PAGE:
What to Expect on a Site Visit

There are many stages to beginning in a new medical career, whether you are just out of education/training or are moving from one job to another. The first is trawling health job boards to find a suitable position, followed by having your application accepted. After that comes acing the interview and, finally, the contract negotiation and signing. In fact, there is another vitally important stage in there as well – the site visit to your new potential place of work. Ideally, you should always fully learn about a job before you take it up. You should therefore actually visit the medical institution where you are applying before making a final decision.

Health Jobs, a jobs board service for the healthcare sector, advises that any posting worth its salt will include, as part of the whole onboarding process, a site visit.

What is a Site Visit?

The clue is in the name – a site visit is a visit to the medical facility which you could potentially be joining. However, there is a little more to it than that. A site visit can sometimes be part of the interview itself, and a medical institution may be aiming to test you out in certain practical circumstances before accepting your application.

However, by the same token, a site visit could also mean a visit to a medical facility as a means of convincing you to join by showing what working life in that place is really like. In such circumstances, you need to be judicious about whether it is right for you.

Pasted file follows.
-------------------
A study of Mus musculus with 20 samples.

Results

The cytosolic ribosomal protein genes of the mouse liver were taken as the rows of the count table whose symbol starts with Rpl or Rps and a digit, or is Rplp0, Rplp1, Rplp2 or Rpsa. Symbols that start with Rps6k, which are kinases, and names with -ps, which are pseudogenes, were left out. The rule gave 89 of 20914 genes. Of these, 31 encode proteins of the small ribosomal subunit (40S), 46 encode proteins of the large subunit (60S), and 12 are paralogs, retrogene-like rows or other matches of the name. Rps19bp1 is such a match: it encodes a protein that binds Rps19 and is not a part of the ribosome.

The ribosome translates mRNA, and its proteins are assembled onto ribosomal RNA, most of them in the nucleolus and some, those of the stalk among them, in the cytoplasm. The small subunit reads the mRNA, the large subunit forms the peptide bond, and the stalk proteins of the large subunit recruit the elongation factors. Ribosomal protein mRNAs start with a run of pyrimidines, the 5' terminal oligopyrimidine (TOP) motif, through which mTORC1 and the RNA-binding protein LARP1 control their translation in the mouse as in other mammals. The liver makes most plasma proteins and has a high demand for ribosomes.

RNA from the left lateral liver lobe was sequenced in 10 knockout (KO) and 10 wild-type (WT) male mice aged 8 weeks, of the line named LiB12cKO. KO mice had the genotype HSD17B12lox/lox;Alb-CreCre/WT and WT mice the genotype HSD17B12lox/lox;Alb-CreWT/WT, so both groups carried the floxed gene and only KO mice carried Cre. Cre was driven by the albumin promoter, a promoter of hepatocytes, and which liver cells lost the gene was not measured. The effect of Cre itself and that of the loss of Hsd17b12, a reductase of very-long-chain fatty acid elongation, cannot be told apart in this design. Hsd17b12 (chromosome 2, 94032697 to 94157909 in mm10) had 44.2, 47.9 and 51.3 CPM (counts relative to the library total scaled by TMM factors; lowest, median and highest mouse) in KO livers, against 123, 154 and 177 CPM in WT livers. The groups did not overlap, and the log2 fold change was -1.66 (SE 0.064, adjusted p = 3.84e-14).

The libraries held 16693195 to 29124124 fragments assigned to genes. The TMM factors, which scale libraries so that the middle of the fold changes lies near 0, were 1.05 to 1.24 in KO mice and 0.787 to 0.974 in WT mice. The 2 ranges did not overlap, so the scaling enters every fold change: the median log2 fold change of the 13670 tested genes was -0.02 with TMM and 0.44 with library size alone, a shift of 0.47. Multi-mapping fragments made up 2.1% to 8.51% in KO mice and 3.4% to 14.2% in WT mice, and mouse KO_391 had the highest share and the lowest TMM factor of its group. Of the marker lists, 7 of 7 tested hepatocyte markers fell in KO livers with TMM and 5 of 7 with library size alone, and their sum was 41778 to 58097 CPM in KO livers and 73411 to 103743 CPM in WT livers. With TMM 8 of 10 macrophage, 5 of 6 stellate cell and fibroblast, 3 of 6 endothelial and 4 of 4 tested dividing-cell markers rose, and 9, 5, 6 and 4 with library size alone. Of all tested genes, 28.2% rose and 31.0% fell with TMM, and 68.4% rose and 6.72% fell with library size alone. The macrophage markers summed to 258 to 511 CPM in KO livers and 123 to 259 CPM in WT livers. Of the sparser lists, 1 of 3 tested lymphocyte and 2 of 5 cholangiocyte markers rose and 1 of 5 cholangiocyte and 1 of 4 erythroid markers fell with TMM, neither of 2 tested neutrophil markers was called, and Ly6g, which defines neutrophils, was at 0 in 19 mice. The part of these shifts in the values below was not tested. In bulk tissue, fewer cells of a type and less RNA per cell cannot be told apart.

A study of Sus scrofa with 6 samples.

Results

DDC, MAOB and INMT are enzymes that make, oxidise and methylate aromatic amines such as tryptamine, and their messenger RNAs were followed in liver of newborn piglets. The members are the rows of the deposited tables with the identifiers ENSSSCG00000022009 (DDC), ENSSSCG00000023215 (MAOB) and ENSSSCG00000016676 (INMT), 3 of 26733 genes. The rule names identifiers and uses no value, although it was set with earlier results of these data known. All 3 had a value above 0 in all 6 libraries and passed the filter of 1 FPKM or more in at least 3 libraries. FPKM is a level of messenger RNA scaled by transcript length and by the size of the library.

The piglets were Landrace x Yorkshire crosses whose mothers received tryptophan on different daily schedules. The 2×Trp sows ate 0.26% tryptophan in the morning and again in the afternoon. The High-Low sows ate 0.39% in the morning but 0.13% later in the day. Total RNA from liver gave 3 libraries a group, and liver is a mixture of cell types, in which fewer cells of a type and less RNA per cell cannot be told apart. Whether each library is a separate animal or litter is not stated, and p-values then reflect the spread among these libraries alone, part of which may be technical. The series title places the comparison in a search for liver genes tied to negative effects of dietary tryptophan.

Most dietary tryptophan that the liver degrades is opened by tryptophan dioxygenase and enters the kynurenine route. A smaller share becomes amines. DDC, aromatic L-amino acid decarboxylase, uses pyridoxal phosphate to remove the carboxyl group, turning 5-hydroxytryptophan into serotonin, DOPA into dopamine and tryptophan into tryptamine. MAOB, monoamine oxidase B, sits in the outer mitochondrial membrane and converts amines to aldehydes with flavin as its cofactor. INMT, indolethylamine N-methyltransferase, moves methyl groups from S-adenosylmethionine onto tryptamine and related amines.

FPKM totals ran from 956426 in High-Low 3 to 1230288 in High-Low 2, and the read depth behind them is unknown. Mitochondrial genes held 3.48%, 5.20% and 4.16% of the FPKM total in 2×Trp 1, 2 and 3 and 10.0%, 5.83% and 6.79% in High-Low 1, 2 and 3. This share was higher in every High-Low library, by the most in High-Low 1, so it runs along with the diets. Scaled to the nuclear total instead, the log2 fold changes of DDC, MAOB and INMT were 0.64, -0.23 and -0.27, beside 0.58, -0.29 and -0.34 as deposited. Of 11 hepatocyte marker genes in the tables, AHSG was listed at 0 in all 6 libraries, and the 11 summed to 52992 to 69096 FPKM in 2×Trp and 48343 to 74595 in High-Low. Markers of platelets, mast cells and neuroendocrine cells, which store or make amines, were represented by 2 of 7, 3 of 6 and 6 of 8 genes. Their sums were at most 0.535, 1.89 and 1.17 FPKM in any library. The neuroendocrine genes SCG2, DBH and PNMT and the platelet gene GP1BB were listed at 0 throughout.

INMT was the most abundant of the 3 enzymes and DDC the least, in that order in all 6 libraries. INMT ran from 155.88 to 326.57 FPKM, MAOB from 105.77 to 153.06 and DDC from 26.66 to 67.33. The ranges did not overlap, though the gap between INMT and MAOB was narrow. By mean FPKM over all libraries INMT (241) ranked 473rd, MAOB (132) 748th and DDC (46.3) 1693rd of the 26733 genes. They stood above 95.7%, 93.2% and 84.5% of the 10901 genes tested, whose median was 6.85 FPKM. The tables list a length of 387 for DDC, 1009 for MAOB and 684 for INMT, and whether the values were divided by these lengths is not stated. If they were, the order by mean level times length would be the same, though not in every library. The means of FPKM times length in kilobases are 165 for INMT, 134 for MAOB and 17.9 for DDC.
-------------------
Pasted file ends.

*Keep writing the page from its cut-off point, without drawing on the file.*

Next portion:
Things to Expect on a Site Visit

The way to get the most out of a site visit – either to successfully convince your potential employers that you are right for the job or as a means of gathering your own information and making a decision – is to know what to expect and how the site visit will proceed. If you go into it blind, you could simply find the whole experience a bit confusing.

A Preliminary Phone Call

Before your site visit, you might well have had a preliminary phone call with the staff of the institution. These might not be the same people who are interviewing you so this should serve as your chance to find out the most basic information about the place. This allows you to get that out of the way first and then make the most of the actual visit itself.

The Importance of First Impressions

When you arrive at the place, you will need to make a good first impression. Arrive early and be well-dressed and be sure you are armed with a good deal of information about the institution. You will have to impress at this point, so treat it like an interview.

A Chance to Explore the City

If you are moving for your job, then you also need to consider how you are going to live close by to the institution. This means finding a house and learning about the city where the institution is located. This could be part of the site visit too.

A Presentation by the Staff

Another reason for the site visit is to allow the people who actually work there or who administer it to show you around and tell you about the institution. Accordingly, you should not be overly chatty and allow the staff or administrators to present to you the facility, its vision, and its culture.

Ultimately, you go on a site visit to appraise, to learn, and to be appraised yourself. At the most general level, those are the three things you need to get right.